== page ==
12 Salamanders In North Carolina (Pictures)

Although salamanders are often mistaken for lizards, they’re actually amphibians, not reptiles. Salamanders typically make their home along bodies of water, and some species of salamander are even fully aquatic! There are over 60 known species of salamanders in North Carolina, which means it’s home to more salamander species than any other state!

The 12 Most Common Salamanders In North Carolina

While you can find many types of salamanders in North Carolina, these are some of the most commonly-seen species in the Tar Heel states. Watch for these salamander species the next time you’re near North Carolina’s waters.

1. Dusky Salamanders

Dusky Salamander | image by Peter Paplanus via Flickr | CC BY 2.0

This small, stocky salamander can be found in many colors, including olive, reddish-brown, and gray. These salamanders are typically spotted but may have mottling along their sides.

The dusky salamander likes to hide in burrows along the edge of the water to avoid predators. Since this salamander has no natural defense mechanisms, it spends most of its life in hiding.

2. Black-Bellied Salamanders

Black-Bellied-Salamander | image by Brian Gratwicke via Flickr | CC BY 2.0

You’re most likely to spot these salamanders in North Carolina’s mountain streams. Even though the black-bellied salamander spends most of its time in the water, it can occasionally be seen on land, especially on wet rocks alongside streams. When these salamanders are in the larval stage, they have external gills, but they lose this feature as they mature.

3. Mudpuppy Salamanders

mudpuppy | image by Peter Paplanus via Flickr | CC BY 2.0

Most salamanders can’t make any sort of vocalizations, but that’s not the case for mudpuppy salamanders! Sometimes referred to as waterdogs, these salamanders can produce a noise that sounds similar to a dog’s bark.


4. Red Salamanders

northern red salamander | image by Peter Paplanus via Flickr | CC BY 2.0

It’s easy to spot this salamander thanks to its bright orange or red skin. Red salamanders are covered in black spots and able to breathe through their skin.

This salamander has a varied diet that includes earthworms, snails, and even other, smaller salamanders! They typically live in rivers, small creeks, and ponds.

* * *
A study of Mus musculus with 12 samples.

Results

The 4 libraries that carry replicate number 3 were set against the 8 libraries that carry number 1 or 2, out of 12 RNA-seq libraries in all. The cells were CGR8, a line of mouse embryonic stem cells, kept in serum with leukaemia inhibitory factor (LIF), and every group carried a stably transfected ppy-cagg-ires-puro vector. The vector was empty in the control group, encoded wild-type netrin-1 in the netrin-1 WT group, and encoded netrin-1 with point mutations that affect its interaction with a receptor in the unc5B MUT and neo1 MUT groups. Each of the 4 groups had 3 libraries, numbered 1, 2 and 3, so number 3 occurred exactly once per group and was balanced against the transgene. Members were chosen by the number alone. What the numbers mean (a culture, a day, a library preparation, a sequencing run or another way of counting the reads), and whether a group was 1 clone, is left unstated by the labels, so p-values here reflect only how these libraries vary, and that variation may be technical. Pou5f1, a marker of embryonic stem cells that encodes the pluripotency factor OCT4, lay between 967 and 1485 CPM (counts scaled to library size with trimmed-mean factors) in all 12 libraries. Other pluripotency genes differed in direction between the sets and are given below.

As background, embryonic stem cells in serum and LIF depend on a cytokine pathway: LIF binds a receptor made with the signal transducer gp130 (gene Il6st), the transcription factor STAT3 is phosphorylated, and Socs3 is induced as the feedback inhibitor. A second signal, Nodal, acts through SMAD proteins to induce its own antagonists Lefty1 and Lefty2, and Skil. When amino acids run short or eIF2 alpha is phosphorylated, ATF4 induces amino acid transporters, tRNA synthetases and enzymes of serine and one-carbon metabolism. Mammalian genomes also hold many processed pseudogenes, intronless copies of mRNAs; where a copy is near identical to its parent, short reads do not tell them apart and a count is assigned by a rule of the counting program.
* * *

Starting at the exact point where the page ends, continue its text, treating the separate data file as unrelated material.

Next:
5. Spotted Salamanders

spotted salamander on lilypad
spotted salamander on lilypad

The spotted salamander is a mole salamander, which is an advanced group of salamanders that are known for having wide, protruding eyes.

These salamanders live near bodies of water, but spend the majority of their time underground. After it rains, they venture above ground to forage for food or breed Spotted salamanders like to eat slugs, snails, and insects.

7. Red-Spotted Newts

Red-spotted newt on wet log
credit: U.S. Fish and Wildlife Service Northeast Region via Flickr

Many people assume that salamanders and newts are different animals, but newts are actually a type of salamander! The red-spotted newt gets its name from its bright red color, but it can actually change color as it ages. Some mature red-spotted newts are yellow or green. This newt produces a toxin that keeps it safe from predatory fish.

8. Seal Salamanders

seal salamander | image by Ashley Wahlberg (Tubbs) via Flickr | CC BY-ND 2.0

Sometimes called stream salamanders, these nocturnal salamanders spend almost all of their time in the water. Since adult seal salamanders have no lungs, they absorb oxygen directly through their skin. You can often find these salamanders hiding beneath rocks, especially along the edges of rivers and streams.


Ozark hellbender by USFWS Midwest Region via Flickr

This aquatic salamander is the largest species of salamander found in North Carolina and North America! While it can grow to be as long as 30 inches, most hellbender salamanders are between 12 and 15 inches long.

It’s rare for the hellbender salamander to leave the water, which means it almost never has to use its lungs. The size of this salamander makes it easy to spot, but it also has distinctive features, like a flat head and lidless eyes.

10. Red-Backed Salamanders

red-backed salamander | credit: U.S. Forest Service- Pacific Northwest Region

These small woodland salamanders get their name from the stripes along their backs, which are usually bright red or orange. When these salamanders are under threat, they’re able to detach part of their tails from their bodies in order to avoid predators.

Since red-backed salamanders don’t have lungs, they can only survive in damp environments. This is a territorial species of salamander that will mark its habitat with its scent.

11. Blue-Ridge Two-Lined Salamanders

long-tailed salamander | image by Peter Paplanus via Flickr | CC BY 2.0

The blue-ridge salamander is almost exclusively found in the waters around the blue-ridge mountains, which is where it gets its name. During its breeding season, which spans from later winter to early spring, it spends most of its time in the water, but it spends the rest of its time on land. Salamander hatchlings spend about two years as fully aquatic larvae before they reach maturity.

12. Marbled Salamanders

Marbled salamander | image by Richard Bonnett via Flickr | CC BY 2.0

The marbled salamander is known for its stock body, which is covered in bold bands. These salamanders are commonly seen throughout North Carolina and are recognized as the official state salamander. To protect themselves against predators, marbled salamanders have poisonous glands, but this toxin isn’t usually harmful to humans.

Enthusiast and pet owner

Jesse grew up with pet reptiles and amphibians and has remained close to them into adulthood. He has experience with boa constrictors, pythons, Argentine horned frogs, bearded dragons, geckos, tortoises, and more. Jesse's daughter currently has a corn snake, her first pet reptile.